HauteLook website

Cartier sues retailer over watch sales

Cartier has filed a lawsuit against an etailer that is allegedly selling damaged and second-hand Cartier products to consumers and calling them new. 
Cartier is not the first luxury jewellery brand to sue a retailer. It follows brands such as Tiffany & Co and Louis Vuitton, which have both come to blows with eBay over the sale of counterfeit goods on the online auction site. 

The retailer in question, HauteLook, is a Los Angeles-based online designer goods retailer.

HauteLook states on its website that it “never sells second-hand merchandise ever”. It goes on further to say that it “partners with premium fashion and lifestyle brands to create private, upscale sale events.”

Cartier claimed it has never had a partnership with HauteLook and accused the retailer of “false advertising, unfair competition and trademark infringement”, according to a statement.

“HauteLook has never partnered with plaintiffs [Cartier] and is not an authorised dealer of plaintiff’s [Cartier’s] merchandise,” court papers said.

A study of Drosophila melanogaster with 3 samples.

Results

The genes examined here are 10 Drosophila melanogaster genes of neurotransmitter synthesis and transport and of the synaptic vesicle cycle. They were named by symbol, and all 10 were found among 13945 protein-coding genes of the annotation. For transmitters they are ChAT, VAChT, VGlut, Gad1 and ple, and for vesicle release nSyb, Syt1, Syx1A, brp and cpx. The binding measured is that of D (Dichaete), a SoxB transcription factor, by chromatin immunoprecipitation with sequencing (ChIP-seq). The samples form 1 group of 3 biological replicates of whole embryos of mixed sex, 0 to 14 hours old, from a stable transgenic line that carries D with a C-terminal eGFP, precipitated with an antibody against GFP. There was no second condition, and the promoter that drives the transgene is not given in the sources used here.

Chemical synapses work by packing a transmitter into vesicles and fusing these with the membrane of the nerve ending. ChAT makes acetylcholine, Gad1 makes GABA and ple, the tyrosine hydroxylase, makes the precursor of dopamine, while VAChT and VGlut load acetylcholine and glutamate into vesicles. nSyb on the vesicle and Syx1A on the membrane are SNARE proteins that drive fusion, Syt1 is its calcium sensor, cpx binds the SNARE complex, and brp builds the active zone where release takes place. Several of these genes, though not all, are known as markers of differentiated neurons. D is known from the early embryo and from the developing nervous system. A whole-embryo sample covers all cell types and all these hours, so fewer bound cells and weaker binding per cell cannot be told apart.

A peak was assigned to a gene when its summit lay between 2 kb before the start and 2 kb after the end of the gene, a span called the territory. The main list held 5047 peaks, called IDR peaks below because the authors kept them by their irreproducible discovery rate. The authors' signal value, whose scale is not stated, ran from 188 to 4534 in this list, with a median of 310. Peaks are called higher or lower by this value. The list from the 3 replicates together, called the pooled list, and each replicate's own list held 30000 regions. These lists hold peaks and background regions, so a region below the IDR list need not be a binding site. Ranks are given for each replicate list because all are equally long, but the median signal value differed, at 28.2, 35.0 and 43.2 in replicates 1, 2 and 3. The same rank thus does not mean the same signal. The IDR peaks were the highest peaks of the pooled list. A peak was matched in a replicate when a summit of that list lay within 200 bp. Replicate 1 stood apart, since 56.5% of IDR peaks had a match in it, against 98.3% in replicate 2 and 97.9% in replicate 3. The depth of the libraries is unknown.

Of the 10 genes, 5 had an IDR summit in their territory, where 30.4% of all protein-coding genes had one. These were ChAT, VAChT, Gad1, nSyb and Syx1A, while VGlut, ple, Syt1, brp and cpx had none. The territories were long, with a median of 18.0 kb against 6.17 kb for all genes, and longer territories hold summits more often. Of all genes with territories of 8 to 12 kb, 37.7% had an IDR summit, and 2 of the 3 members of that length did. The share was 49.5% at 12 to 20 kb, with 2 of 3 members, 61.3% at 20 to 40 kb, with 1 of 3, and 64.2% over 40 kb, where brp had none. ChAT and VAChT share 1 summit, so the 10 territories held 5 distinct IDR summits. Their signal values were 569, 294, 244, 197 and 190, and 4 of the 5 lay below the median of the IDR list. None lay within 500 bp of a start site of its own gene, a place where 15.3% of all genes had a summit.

Cartier first discovered the alleged deception when its agents bought five Cartier watches from HauteLook. The company claims that through close physical inspection of the watches and through each one’s individual serial number, they were able to establish that each Cartier watch was second-hand. 

The company said the watches were in a poor physical state with many of them sporting scratches, poor polishing and improper repair. Cartier claimed in court papers that the condition of the watches and the defaced and damaged certificates of authenticity that accompanied the timepieces sold by HauteLook have degraded its image and misrepresented the brand.

HauteLook recently added a disclaimer on its site saying that its products are not sourced directly from their brand manufacturers, but Cartier claimed the sourcing disclaimer is hidden in fine print. 

HauteLook said it is reviewing Cartier’s complaint. “HauteLook respects intellectual property right holders and is taking this matter very seriously,” the company told Reuters. 

If Cartier wins the legal battle, HauteLook will have to return its Cartier stock to the luxury brand and pay Cartier monetary relief plus damages of up to $2 million per type of disputed Cartier merchandise sold. 

Earlier this year, American luxury jewellery brand Tiffany & Co lost a lawsuit filed against eBay for allowing its users to sell counterfeit Tiffany & Co jewellery. Tiffany & Co declared the “court had justified [eBay’s] actions” through its decision.